CEVA DSP Technology Symposium: Reinforcing its market position

CEVA in mobile devices

Last week, Israeli DSP design company CEVA organized a 1-day symposium on Oct 16th in Hsinchu, Taiwan and on Oct 18th in Shanghai, China to promote its DSP technology to customers in the region. Partners of CEVA, including NXP Software, presented technologies and applications designed for CEVA DSP platforms.

CEVA has been a long-term player in the mobile DSP market. The company is most famous for its TeakLite 3 core, applied in many baseband modems and application processors such as Intel’s XMM modem series. The XMM baseband modems can be found in many 3G phones from Samsung and LGE of the last 3 years. According to Barbara Yu, CEVA’s country manager in Taiwan, CEVA achieved a worldwide volume market share of 43% in mobile handsets in Q1 2012.

TeakLite 4 combines low power with high performance

And now there is a new kid on the block. Earlier this year CEVA introduced the new TeakLite 4, a further optimized version of its successful predecessor. The TeakLite 4 offers a 30% power reduction compared to the TeakLite 3 thanks to its new Power Scaling Unit (PSU 2.0). Another important performance improvement is the ability to execute two 32×32 bit MAC operations or four 16×16 MAC operations per clock cycle, allowing audio, video and voice signal processing to run at double precision without sacrificing performance.

CEVA partner demonstrations

Various partners of CEVA used the symposium to present applications running on CEVA DSP cores. As a major voice enhancement supplier, NXP Software presented LifeVibes VoiceExperience, its voice processing engine for mobile devices. VoiceExperience has already been integrated in more than 500 million mobile devices and meets requirements from Network Operators, standards bodies such as GSMA, VoIP providers and OEM device manufacturers. The domain of speech processing has grown rapidly over the last few years from mobile phones (personal use at close distance) to tablets (handheld speaker mode) and will evolve further to home devices (long range speaker mode) and entire acoustic sensor networks (multiple connected devices).

Another great application demonstrated by eyeSight is gesture recognition technology, allowing you to control mobile applications completely ‘Touch Free’, as they call it. The live demo during the presentation went a little less smooth than the cool demo video on YouTube but nonetheless really impressive. Such MIPS-hungry applications are ideally suited for offloading the main Application Processor cores using a dedicated DSP.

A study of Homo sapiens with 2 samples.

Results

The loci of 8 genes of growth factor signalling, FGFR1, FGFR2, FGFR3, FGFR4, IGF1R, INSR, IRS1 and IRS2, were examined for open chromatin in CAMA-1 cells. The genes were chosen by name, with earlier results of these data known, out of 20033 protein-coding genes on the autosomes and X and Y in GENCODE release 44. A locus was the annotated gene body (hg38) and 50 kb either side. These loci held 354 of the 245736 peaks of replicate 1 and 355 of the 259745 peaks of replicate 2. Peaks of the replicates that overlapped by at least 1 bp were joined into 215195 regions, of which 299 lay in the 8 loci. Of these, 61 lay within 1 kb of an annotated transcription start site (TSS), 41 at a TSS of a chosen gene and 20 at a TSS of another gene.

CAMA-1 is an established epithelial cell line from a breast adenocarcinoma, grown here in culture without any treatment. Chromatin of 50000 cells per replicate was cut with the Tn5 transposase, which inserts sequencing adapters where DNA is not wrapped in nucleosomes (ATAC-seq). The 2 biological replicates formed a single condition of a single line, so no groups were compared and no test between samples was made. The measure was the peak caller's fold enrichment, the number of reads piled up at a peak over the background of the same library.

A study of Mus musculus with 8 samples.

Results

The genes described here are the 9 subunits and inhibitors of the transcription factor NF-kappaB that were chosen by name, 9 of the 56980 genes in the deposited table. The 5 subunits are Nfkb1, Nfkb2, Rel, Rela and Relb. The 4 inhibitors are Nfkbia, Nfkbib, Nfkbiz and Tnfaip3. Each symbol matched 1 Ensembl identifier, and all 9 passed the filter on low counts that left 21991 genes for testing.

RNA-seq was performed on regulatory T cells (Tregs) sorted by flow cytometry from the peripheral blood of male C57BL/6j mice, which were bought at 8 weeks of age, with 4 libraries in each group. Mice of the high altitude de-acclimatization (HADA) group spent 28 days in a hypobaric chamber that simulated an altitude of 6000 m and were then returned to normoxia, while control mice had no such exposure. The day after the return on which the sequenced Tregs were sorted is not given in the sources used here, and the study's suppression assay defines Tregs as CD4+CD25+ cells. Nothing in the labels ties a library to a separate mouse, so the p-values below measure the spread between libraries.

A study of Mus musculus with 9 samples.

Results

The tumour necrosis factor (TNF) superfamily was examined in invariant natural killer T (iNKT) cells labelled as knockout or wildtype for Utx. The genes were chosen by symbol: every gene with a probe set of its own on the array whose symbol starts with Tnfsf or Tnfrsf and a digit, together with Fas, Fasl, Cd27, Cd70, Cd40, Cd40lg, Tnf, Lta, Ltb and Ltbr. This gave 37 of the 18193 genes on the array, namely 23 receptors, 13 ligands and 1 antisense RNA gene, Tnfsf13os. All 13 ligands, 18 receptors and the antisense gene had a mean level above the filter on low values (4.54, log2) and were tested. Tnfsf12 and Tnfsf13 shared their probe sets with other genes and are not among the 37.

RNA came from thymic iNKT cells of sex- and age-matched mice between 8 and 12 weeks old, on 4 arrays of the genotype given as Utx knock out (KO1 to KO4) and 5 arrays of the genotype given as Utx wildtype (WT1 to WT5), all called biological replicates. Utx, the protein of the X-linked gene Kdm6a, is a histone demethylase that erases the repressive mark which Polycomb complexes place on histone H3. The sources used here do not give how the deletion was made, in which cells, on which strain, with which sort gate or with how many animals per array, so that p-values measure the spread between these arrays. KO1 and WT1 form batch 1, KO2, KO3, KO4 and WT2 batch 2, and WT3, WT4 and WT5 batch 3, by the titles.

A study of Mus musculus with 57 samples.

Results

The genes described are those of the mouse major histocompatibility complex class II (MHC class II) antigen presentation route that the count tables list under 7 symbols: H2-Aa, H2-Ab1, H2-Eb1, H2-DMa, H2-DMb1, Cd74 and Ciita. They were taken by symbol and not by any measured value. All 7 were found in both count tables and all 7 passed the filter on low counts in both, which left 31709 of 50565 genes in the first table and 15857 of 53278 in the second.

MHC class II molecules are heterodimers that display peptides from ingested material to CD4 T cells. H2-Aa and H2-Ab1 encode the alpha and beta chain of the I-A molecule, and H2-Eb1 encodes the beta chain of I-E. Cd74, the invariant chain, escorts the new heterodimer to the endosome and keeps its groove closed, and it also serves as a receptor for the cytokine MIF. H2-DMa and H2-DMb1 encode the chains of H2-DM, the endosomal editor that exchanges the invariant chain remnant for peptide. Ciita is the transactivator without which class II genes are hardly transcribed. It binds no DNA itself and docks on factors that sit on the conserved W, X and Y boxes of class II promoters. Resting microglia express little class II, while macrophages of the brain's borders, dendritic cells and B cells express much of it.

From DSP core to complete mega IP block

CEVA’s VP of Marketing Eran Briman gave an interesting view on the DSP landscape. Consumers have increasing expectations of the user experience (UX) on their mobile devices, leading to increasing demands in terms on MIPS, battery power and overall system complexity. To cope with such increasing demands, Briman observes a general trend towards a distributed architecture of several mega IP blocks on the SoC such as multi-core APs, GPUs, all sorts of peripherals and baseband modems. This de-centralized architecture calls for localized DMA and local-aware IP blocks. Such a localized architecture allows entire mega IP blocks to turn dark when not in use to reduce the power consumption. As such, a trend can be observed from separate DSP cores to complete mega IP blocks (‘IP platforms’) combining various smaller IP blocks. Such holistic approach allows for an overall power reduction and makes IP blocks more future-proof.

Multiple solutions, same trend

With an ever growing complexity of SoCs, the demand for power efficient solutions for offloading general purpose ARM application cores is growing fast. Most hardware platform providers are following this trend, such as CEVA competitor Qualcomm. Their hugely popular Snapdragon S4 smartphone platform incorporates 3 Hexagon processors on the same die. Another example is the Israeli DSP company Tensilica. So far, Tensilica has been making most of its revenue in consumer electronics and automotive applications, but Tensilica is now entering the mobile market. The first design-in of their HiFi DSP core with Renesas Electronics was recently announced and we expect more announcements to follow. With the introduction of the new TeakLite 4 and the X- and XC-series DSP cores, CEVA is re-enforcing its position to maintain a strong foothold in a DSP market.